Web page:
With Valentines Day around the corner, millions of people are flocking to grocery stores and floral shops to buy flowers for that special someone. The National Retail Federation estimates that 37.8% of Americans will purchase flowers this Valentines Day and spend more than $2 billion. Many people will enjoy roses and carnations on February 14th but very few pay attention to all the wildflowers around them.
I help run and coordinate the UT Tree Nursery for the Campus Environmental Center at the Lady Bird Johnson Wildflower Center in south Austin. The Lady Bird Johnson Wildflower Center was founded by Lady Bird Johnson, our former first lady, and actress Helen Hayes in 1982 to protect and preserve North America’s native plants and natural landscapes as well as to introduce people to the beauty and diversity of wildflowers and other native plants. Since 2006 the Center has also served as an Organized Research Unit of the University of Texas at Austin housing projects ranging from landscape ecology to switchgrass biofuel research.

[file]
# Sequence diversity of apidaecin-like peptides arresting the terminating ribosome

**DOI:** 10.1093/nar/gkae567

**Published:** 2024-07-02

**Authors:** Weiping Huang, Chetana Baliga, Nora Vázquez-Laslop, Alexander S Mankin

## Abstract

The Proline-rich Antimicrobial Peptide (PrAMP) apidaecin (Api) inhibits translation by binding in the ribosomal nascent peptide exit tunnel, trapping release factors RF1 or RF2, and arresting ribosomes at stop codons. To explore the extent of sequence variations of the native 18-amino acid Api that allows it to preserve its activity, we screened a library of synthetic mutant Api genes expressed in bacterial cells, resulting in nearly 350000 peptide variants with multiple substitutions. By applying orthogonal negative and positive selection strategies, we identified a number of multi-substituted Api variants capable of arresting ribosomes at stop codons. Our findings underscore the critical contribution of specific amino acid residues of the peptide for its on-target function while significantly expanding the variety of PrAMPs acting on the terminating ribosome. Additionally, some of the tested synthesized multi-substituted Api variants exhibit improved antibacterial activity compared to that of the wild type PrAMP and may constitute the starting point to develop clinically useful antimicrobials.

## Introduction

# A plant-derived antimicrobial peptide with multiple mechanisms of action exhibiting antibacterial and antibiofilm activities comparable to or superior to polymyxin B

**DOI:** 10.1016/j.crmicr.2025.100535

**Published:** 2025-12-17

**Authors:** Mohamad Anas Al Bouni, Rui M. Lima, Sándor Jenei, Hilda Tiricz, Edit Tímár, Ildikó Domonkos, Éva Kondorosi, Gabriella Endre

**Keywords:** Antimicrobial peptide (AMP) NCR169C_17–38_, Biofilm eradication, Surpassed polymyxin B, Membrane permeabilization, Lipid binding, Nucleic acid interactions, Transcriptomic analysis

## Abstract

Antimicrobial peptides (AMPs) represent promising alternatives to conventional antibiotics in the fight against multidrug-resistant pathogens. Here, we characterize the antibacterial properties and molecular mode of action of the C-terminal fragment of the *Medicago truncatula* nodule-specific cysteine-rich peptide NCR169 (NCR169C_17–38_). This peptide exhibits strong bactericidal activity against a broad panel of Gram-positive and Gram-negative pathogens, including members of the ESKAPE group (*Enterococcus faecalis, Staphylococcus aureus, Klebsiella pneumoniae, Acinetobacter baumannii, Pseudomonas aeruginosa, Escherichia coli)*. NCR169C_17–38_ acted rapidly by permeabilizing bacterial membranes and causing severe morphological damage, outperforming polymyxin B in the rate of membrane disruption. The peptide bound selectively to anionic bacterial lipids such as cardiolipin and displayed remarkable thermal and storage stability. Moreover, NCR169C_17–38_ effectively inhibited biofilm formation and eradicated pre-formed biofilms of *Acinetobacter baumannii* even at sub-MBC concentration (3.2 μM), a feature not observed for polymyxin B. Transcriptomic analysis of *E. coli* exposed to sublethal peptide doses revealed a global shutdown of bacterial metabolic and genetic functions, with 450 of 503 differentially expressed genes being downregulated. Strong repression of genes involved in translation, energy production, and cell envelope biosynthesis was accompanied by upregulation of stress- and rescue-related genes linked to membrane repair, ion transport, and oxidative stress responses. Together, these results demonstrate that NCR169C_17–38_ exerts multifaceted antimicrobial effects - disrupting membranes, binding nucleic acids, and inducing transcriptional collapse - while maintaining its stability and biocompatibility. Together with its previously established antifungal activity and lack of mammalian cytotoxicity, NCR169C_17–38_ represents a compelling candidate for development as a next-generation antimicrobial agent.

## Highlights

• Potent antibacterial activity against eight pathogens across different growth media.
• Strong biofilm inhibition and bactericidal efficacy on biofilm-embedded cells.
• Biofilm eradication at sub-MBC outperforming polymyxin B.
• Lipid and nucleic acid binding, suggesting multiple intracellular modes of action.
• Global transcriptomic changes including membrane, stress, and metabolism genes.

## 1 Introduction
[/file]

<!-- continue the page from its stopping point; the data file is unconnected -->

The importance of wildflowers goes much further than physical beauty or even the preservation of biodiversity. Wildflowers across the country are important resources for pollinators, especially migratory species that are rapidly declining, in part, due to habitat loss. The White House reports that pollinators contribute more than $24 billion to the US economy and the declining populations of essential wildflowers inhibit the extent that pollinators can provide their valuable ecosystem service.
This Valentines Day, keep in mind that the symbols of love and beauty we so often exchange are all around us.